It’s finally, really, truly summer. For the past few weeks we’ve had unseasonably cool temps here in northern California. The furnace clicked on in the morning and stayed on throughout the day. The rain came down in chilly sheets. Through it all clerks at every store in town crammed shelves with beach towels, sunscreen, flip-flops, sunglasses, citronella candles. But no one was buying summer stuff. It’s tough to visualize a sunburn when the weather feels like winter.
Then, bam! The heat arrived. High 90s. Official first day of summer. Almost caught me by surprise, switching from the furnace to the air conditioner in a 24 hour period. Time to spruce up the back patio. Clip bushes and mow lawns. Buy new cushions for our old wicker chairs and loveseat (which we painted black a few years ago). Gotta get ready for summer. Gotta do it now. I grabbed my Purse Peddlers tote and headed out for Pier 1 Imports.
I know. What was I thinking? Everything in Pier 1 Imports is, well, imported. I shoulda turned my car around and headed back home, but I was already on the freeway and hated to backtrack. There wasn’t any traffic. The air conditioning had begun cool me off. So I just kept on driving. My plan was to browse Pier 1, check out the nicely arranged summertime displays and leave empty-handed. I know. As if.
One minute in, I saw these cushions. Not just any cushions, but sun resistant, really well made, reasonably priced cushions (that happened to be even more reasonably priced since they were on sale). Cushions that were the exact dimensions I needed for my wicker settee and chairs. And they were so soft yet so firm. I could picture them in my backyard–should I get the green or the ivory?–with me and Don / Richie C sitting out there, friends and family there too, all of us drinking margaritas and eating guacamole and chips and laughing. Steeped in this summertime reverie, I bought two seat cushions (green), a settee cushion (ivory), and a couple of green and ivory throw pillows. My bad. Isn’t that what the kids say? Yes, my very, very bad.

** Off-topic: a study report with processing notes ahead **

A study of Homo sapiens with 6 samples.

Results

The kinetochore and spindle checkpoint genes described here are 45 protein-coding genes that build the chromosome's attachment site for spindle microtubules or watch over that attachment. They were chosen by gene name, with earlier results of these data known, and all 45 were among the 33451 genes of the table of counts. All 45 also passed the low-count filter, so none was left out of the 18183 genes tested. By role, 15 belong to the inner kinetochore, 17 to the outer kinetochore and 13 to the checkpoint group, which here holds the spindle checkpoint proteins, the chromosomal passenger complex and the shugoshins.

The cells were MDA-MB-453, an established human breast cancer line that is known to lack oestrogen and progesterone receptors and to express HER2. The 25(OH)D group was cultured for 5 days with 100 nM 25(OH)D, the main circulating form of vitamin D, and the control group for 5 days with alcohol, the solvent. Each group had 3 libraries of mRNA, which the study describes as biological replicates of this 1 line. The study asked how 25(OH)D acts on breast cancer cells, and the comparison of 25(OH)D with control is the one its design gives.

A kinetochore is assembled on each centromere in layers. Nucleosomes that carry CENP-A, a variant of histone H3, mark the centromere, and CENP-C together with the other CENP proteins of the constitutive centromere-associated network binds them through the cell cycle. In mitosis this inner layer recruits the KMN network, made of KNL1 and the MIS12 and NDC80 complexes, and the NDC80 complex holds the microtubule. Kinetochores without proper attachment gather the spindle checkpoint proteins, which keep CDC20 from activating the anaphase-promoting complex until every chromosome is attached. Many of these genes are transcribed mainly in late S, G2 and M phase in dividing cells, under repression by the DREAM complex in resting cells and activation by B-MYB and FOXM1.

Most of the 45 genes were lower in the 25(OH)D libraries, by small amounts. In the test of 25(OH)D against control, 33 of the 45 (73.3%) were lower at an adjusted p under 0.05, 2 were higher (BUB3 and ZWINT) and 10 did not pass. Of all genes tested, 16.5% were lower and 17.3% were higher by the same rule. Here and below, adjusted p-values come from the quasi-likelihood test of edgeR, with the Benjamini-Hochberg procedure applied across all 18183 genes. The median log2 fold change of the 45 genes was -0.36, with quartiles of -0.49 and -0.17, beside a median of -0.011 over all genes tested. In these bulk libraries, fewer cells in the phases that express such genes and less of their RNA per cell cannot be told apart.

So I brought everything home, arranged the cushions and pillows just so on my black wicker patio furniture, and purposely ignored the “Assembled in Korea / Made in China” information on the tags. I stood back to admire. So what if I bought these? Who cares? Remember, some economists say buying made in the USA is bad for America. Why, I’m actually being patriotic, right? This is a conversation I actually had with myself. Me, in full Martha Stewart mode, wondering: what would Martha do? Me, saying to myself: Well, she would smile–not broadly but reservedly– into the camera and say without a moment’s hesitation that cushions like these are good things. Yup. She would.
I’m not sure when the guilt kicked in. It might’ve been as I watched the evening news and heard that the unemployment situation in our country has continued to worsen with more people than ever filing for first time benefits. It might’ve been when some economist said we’re dangerously close to a double dip recession or maybe even a depression. Or it may have been when I remembered something my friend Carole, who teaches middle school, recently told me about Jiminy Cricket. “I tell my students, if they’re not sure whether something’s right or wrong to picture Jiminy Cricket sitting on their shoulder. Listen to what he’s saying.”
Always let your conscience be your guide.
I’d like to say this was the moment guilt so overwhelmed me that I decided to return the Pier 1 purchases. Sorry, Jiminy. You’re cute and all, but no. In the end the following news item did it. And what I felt, to be honest (Jiminy’s proud of me now), was more anger than guilt:
“In the middle of a Father’s Day celebratory dinner in their back yard, the Passerella family’s glass-topped patio table shattered into a thousand pieces.
‘The table blew up. Literally, it just imploded,’ Nancy Passerella of Denver told the ABC News affiliate, KMGH.
The table is part of the Martha Stewart Everyday Living patio set — it’s not the first Martha Stewart glass patio table to suddenly shatter. About 2,010 complaints since 2003 have been submitted to ConsumerAffairs.com describing a ‘disintegrating’ table.”
Perhaps you, like me, wondered where in the world these crazy disintegrating tables were made? Oh come on. We all know. Here’s a hint from “Martha Stewart’s Exploding Tables” (forbes.com, June 20, 2008):
“New York attorney Paul Paradis currently represents a handful of people who purchased Martha Stewart Living Everyday glass-topped patio tables, only to have the glass shatter…
Martha Stewart Living blamed the manufacturer, a Chinese company that has since gone out of business. The manufacturer, while it was around to answer the charges, blamed Martha Stewart’s designers…
…Local television stations have picked up the story, broadcasting footage of shocked customers telling tales of tabletops suddenly bursting into thousands of pieces.”
Yes, I’ll be returning the Pier 1 items. I’ve had it with Made in China, Made in Korea or Made in Timbuktu. And when the salesperson asks me if there’s anything wrong with the merchandise, I’ll undoubtedly sigh and say “No, they’re perfect.” The salesperson will look at me like I’m nuts. And as I make my way back to the hot car, Jiminy will pipe in: Almost perfect. If only they’d been made here.